Wet bench semiconductor manufacturing relies on the SPM wafer cleaning process to quickly strip photoresist and other residue from silicon wafers. Because the hydrogen peroxide in the sulfuric acid peroxide mixture is unstable, hydrogen peroxide continuously degrades into water and the degradation is accelerated if the mixture is heated to increase the strip rate. To keep the SPM process concentration stable, hydrogen peroxide has to be added, spiking the concentration back to its original level. After several hours of repeated spiking, the mixture has to be replaced.
While other semiconductor equipment manufacturers provide less efficient solutions, Modutek has developed a “bleed and feed” method that keeps the SPM hydrogen peroxide concentration steady. The company has now collected operational results from customers using the new method and a comparison with the traditional SPM process shows substantial savings from reduced use of acid and better operational results.
How Modutek’s “Bleed and Feed” Method Works
The Modutek “bleed and feed” method uses a two-tank configuration with a clean tank and a dirty tank. Periodically an amount of mixture is drained from the dirty tank and replaced with mixture from the clean tank. The clean tank receives an amount of sulfuric acid to replace the drained amount and both tanks receive enough hydrogen peroxide to bring the concentration up to the set level.
The method is PLC-controlled with the initial drain amount, the replacement amount, the hydrogen peroxide amounts and the “bleed and feed” frequency all programmable. The SPM process concentration is maintained and the strip rate remains unchanged, but the SPM mixture has a much longer life. The cost savings result from the SPM mixture not having to be changed frequently.
The “Bleed and Feed” Method Reduces the Consumption of Chemicals
Operational data from customers shows that the Modutek “bleed and feed” method substantially reduces the use of the SPM process chemicals. Data was collected from a semiconductor manufacturing facility using a 2 6-inch carrier bath size and operating on an eight-hour shift.
The use of sulfuric acid was reduced by 77% while the volume of chemicals disposed at the end of the process went down 75%. Acid neutralizer and acid re-agent use declined as well. The reduced cost of chemicals and the savings from lower disposal volumes were substantial.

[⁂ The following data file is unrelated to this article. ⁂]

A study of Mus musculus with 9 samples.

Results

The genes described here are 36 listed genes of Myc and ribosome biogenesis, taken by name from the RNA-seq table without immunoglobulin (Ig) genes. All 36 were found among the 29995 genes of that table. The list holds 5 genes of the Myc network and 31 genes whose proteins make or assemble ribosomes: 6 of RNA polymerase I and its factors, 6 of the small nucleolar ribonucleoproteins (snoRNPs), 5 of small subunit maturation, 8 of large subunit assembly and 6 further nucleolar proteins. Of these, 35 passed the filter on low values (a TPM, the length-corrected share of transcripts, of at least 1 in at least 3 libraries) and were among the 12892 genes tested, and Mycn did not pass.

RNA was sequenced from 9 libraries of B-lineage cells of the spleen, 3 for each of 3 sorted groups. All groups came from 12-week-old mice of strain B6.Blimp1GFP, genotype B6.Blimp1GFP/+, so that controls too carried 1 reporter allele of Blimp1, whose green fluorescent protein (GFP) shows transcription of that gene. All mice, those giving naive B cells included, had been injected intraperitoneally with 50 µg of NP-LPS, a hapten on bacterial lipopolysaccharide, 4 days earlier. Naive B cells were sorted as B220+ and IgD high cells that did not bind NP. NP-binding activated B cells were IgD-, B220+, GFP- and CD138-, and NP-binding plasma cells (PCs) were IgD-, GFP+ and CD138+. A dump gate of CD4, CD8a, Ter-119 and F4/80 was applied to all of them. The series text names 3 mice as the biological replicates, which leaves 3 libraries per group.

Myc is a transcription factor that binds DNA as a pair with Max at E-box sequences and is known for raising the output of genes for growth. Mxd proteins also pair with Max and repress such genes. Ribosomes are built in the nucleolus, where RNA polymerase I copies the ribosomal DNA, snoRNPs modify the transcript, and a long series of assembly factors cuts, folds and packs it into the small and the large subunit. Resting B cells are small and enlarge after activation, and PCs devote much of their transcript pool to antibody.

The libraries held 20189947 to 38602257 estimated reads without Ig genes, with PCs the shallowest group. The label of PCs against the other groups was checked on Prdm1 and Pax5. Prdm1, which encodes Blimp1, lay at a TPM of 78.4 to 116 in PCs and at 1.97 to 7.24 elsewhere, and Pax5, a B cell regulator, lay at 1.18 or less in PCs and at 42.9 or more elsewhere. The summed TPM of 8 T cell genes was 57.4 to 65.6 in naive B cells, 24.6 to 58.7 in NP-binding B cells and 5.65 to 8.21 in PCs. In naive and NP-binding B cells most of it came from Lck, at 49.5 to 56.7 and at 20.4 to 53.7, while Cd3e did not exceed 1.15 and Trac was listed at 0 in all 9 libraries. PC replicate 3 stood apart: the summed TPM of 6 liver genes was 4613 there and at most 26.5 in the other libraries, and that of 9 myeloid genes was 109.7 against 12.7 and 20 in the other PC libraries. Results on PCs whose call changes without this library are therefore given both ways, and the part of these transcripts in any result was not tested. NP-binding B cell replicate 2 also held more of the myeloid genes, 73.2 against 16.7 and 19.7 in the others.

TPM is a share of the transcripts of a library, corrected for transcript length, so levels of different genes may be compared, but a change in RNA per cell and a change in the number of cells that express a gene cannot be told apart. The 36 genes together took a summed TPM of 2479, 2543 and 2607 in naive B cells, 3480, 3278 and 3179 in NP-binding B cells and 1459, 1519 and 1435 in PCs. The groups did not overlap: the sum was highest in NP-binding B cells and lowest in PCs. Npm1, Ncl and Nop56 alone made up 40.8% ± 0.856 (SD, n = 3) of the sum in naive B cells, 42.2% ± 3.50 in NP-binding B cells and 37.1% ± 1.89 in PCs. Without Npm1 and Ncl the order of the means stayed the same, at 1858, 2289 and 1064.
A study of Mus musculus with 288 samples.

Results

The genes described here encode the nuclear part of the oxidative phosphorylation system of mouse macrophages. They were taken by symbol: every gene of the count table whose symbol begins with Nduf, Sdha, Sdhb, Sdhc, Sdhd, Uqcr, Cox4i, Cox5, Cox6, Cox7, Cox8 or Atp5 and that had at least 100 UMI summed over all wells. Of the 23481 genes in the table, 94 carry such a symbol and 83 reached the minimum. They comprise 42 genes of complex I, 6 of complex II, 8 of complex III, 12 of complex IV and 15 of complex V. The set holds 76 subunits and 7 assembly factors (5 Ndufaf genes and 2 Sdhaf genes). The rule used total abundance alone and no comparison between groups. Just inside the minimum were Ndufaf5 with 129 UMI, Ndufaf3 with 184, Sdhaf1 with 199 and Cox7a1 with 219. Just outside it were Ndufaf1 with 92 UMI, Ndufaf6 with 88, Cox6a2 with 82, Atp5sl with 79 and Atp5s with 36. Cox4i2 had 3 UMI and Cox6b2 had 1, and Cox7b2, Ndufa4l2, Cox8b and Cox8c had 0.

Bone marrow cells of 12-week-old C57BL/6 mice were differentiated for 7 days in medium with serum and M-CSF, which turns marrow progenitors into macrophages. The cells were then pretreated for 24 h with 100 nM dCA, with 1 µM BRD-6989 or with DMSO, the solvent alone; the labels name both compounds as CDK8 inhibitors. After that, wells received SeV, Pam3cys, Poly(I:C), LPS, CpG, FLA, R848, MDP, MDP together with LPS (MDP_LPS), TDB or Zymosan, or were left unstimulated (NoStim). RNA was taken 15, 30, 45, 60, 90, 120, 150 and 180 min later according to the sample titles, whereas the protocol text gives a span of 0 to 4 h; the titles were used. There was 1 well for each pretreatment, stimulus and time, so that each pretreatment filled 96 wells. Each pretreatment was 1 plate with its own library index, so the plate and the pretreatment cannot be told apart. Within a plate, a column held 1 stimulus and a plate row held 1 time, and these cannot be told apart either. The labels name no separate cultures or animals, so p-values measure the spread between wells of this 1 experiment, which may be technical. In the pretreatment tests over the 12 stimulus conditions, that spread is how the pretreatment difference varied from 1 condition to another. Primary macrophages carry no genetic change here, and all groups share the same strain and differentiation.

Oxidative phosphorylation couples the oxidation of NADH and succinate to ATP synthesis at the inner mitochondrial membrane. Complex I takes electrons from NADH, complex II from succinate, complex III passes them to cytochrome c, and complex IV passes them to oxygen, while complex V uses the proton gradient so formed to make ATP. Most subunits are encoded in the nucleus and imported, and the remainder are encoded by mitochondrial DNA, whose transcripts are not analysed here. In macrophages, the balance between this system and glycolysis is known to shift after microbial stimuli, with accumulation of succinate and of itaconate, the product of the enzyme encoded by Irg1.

“Bleed and Feed” Can Increase Throughput
The spiking with hydrogen peroxide of the traditional SPM wafer cleaning process means that mixture replacement causes frequent down times for drain and re-pour. Use of the Modutek “bleed and feed” method reduced system drains from three times per day to once per week on average. The once-per-week change is supported by a quick-drain feature that lets the change-over to a new mixture take place quickly. Overall throughput was increased.
Operational Advantages of “Bleed and Feed”
In addition to cost savings from reduced chemical use and higher product volumes from increased throughput, customers saw operational advantages from using Modutek’s “bleed and feed” method. The reduction in chemical handling lowered the possibility of spills and increased operator and employee safety. At the same time, strip rates and other SPM process characteristics were at least maintained at previous levels or improved.
Customers Can Immediately Take Advantage of “Bleed and Feed”
The Modutek “bleed and feed” method is especially attractive to facility managers, process engineers and researchers concerned about the environmental impact of high volumes of toxic chemicals. Modutek can deliver the new method as part of its standard wet bench stations or prepare a custom design for a specific application. Since Modutek designs and builds its own equipment, the company has the expertise to propose custom solutions for any SPM process applications and allow all their customers to benefit from the new “bleed and feed” method. Contact Modutek for a free consultation or quote on equipment that is designed to meet your specific manufacturing requirements.